Evaluating Machine Accuracy on ImageNet
- 1 Presented by
- 2 Introduction
- 3 Experiment Setup
- 4 Multi-label annotations
- 5 Human Accuracy Measurement Process
- 6 Main Results
- 7 Other Observations
- 8 Related Work
- 9 Conclusion and Future Work
- 10 Critiques
Siyuan Xia, Jiaxiang Liu, Jiabao Dong, Yipeng Du
ImageNet is the most influential data set in machine learning with images and corresponding labels over 1000 classes. This paper intends to explore the causes for performance differences between human experts and machine learning models, more specifically, CNN, on ImageNet.
Firstly, some images may fall into multiple classes. As a result, it is possible to underestimate the performance if we map each image to strictly one label, which is what is being done in the top-1 metric. Therefore, we adopt both top-1 and top-5 metrics where the performances of models, unlike human labelers, are linearly correlated in both cases.
Secondly, in contrast to the uniform performance of models on classes, humans tend to achieve better performances on inanimate objects. Human labelers achieve similar overall accuracies as the models, which indicates spaces of improvements on specific classes for machines.
Lastly, the setup of drawing training and test sets from the same distribution may favour models over human labelers. That is, the accuracy of multi-class prediction from models drops when the testing set is drawn from a different distribution than the training set, ImageNetV2. But this shift in distribution does not cause a problem for human labelers.
Human Accuracy Measurement Process
The experiment also shed some light on images that are difficult to label. 10 images were misclassified by all of the human labelers. Among those 10 images, there was 1 image of a monkey and 9 of dogs. In addition, 27 images, with 19 in object classes and 8 in organism classes, were misclassified by all 72 machine learning models in this experiment. Only 2 images were labeled wrong by all human labelers and models. Both images contained dogs. Researchers also noted that difficult images for models are mostly images of objects and exclusively images of animals for human labelers.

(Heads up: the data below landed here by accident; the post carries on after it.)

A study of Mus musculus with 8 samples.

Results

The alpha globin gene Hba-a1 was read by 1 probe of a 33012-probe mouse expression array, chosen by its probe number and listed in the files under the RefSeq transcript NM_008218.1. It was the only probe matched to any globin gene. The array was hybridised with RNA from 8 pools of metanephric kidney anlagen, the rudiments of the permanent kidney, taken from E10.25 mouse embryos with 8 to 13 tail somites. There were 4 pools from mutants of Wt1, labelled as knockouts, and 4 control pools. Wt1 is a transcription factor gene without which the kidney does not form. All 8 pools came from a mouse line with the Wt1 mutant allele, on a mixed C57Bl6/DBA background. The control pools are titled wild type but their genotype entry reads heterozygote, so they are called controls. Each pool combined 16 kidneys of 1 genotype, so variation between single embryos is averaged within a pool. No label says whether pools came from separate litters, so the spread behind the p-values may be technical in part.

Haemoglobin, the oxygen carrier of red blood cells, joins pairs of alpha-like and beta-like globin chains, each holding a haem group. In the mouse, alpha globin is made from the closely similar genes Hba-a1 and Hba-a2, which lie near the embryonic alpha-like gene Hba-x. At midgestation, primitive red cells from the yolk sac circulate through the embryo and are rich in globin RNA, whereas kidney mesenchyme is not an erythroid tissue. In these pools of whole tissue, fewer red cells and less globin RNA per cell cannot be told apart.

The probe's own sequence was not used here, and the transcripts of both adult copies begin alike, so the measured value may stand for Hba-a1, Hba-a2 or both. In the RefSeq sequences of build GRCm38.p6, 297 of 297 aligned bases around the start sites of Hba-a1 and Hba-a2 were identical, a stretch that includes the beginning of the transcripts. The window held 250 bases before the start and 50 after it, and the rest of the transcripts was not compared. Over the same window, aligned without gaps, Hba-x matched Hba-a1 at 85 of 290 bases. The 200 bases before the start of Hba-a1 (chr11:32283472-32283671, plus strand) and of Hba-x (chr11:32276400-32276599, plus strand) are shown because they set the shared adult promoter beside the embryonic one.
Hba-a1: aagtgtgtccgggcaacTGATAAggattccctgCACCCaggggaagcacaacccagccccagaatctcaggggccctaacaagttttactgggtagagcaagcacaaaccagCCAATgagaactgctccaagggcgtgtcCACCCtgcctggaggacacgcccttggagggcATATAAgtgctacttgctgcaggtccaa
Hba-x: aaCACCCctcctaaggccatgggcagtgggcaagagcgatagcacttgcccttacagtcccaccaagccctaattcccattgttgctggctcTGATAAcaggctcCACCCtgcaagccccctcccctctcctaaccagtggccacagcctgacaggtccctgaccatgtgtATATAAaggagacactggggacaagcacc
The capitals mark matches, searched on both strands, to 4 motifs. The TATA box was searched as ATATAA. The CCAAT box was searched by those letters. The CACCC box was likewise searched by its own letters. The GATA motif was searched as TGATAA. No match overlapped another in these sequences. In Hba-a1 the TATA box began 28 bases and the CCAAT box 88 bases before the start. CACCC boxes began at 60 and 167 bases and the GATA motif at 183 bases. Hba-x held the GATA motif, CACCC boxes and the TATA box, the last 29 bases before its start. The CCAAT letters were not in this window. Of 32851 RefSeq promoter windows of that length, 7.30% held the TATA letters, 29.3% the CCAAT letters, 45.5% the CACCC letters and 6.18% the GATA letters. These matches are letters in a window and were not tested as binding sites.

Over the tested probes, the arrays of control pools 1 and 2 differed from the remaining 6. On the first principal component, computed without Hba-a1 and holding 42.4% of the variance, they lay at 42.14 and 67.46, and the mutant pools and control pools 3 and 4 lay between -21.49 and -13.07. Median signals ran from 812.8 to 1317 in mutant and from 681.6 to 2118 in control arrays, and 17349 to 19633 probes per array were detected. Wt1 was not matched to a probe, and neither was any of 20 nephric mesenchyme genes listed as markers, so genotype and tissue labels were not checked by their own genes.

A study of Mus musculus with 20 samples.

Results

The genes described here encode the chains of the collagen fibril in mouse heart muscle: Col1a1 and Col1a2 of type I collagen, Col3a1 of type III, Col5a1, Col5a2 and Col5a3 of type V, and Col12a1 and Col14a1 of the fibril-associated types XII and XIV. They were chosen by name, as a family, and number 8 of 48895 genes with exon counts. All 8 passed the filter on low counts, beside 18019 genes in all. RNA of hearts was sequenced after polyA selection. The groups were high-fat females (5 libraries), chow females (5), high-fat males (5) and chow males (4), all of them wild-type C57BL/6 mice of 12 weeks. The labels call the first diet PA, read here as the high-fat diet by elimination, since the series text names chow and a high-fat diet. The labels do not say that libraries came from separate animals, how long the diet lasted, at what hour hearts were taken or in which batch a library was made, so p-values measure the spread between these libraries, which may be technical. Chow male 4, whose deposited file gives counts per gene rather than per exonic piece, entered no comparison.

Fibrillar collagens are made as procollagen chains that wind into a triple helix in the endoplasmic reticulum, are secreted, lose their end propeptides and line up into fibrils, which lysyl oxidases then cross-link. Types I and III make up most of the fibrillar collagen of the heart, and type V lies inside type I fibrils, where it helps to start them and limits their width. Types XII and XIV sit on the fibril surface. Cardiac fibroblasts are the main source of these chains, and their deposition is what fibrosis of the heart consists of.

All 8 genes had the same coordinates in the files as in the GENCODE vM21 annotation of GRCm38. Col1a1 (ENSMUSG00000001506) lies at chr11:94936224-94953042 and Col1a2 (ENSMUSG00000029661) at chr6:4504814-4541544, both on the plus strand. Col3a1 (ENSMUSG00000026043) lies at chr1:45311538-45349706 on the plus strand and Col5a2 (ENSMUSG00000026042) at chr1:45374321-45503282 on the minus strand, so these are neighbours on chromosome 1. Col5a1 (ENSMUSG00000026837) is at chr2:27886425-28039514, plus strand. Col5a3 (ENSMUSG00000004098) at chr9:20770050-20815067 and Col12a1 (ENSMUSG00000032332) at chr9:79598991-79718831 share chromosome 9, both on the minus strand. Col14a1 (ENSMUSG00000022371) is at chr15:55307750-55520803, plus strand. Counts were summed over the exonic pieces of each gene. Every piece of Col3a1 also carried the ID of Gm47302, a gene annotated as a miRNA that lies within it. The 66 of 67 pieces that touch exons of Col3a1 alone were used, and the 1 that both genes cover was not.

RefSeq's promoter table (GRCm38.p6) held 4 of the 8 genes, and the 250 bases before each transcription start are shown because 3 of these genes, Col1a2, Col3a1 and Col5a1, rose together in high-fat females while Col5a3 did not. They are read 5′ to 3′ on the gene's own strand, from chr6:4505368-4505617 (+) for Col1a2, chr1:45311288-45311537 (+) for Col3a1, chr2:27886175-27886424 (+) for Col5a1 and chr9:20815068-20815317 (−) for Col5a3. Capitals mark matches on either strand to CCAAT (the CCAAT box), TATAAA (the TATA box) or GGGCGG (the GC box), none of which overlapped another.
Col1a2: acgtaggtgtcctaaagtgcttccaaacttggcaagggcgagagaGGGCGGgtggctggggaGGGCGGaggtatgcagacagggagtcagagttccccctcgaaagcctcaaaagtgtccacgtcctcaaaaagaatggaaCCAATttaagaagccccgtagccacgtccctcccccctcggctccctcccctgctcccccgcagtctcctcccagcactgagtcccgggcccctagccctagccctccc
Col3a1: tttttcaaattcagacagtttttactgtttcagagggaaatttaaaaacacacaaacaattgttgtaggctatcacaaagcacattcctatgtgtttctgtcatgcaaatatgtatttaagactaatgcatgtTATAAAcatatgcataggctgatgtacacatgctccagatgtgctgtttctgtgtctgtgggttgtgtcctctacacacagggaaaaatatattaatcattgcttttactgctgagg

Accuracies without dogs
As previously discussed in the paper, machine learning models tend to outperform human labelers when classifying the 118 dog classes. To better understand to what extent does models outperform human labelers, researchers computed the accuracies again by excluding all the dog classes. Results showed a 0.6% increase in accuracy on the ImageNet images using the best model and a 1.1% increase on the ImageNet V2 images. In comparison, the mean increases in accuracy for human labelers are 1.9% and 1.8% on the ImageNet and ImageNet V2 images respectively. Researchers also conducted a simulation to demonstrate that the increase in human labeling accuracy on non-dog images is significant. This simulation was done by bootstrapping to estimate the changes in accuracy when only using data for the non-dog classes, and simulation results show smaller increases than in the experiment.
In conclusion, it's more difficult for human labelers to classify images with dogs than it is for machine learning models.
Accuracies on objects
Researchers also computed machine and human labelers' accuracies on a subset of data with only objects, as opposed to organisms, to better illustrate the differences in performance. This test involved 590 object classes. As shown in the table above, there is a 3.3% and 3.4% increase in mean accuracies for human labelers on the ImageNet and ImageNet V2 images. In contrast, there is a 0.5% decrease in accuracy for the best model on both ImageNet and ImageNet V2. This indicates that human labelers are much better at classifying objects than these models are.
Accuracies on fast images
Unlike the CNN models, human labelers spent different amounts of time on different images, spanning from several seconds to 40 minutes. To further analyze the images that take human labelers less time to classify, researchers took a subset of images with median labeling time spent by human labelers of at most 60 seconds. These images were referred to as "fast images". There are 756 and 714 fast images from ImageNet and ImageNet V2 respectively, out of the total 2000 images used for evaluation. Accuracies of models and humans on the fast images increased significantly, especially for humans.
This result suggests that human labelers know when an image is difficult to label and would spend more time on it. It also shows that the models are more likely to correctly label images that human labelers can label relatively quickly.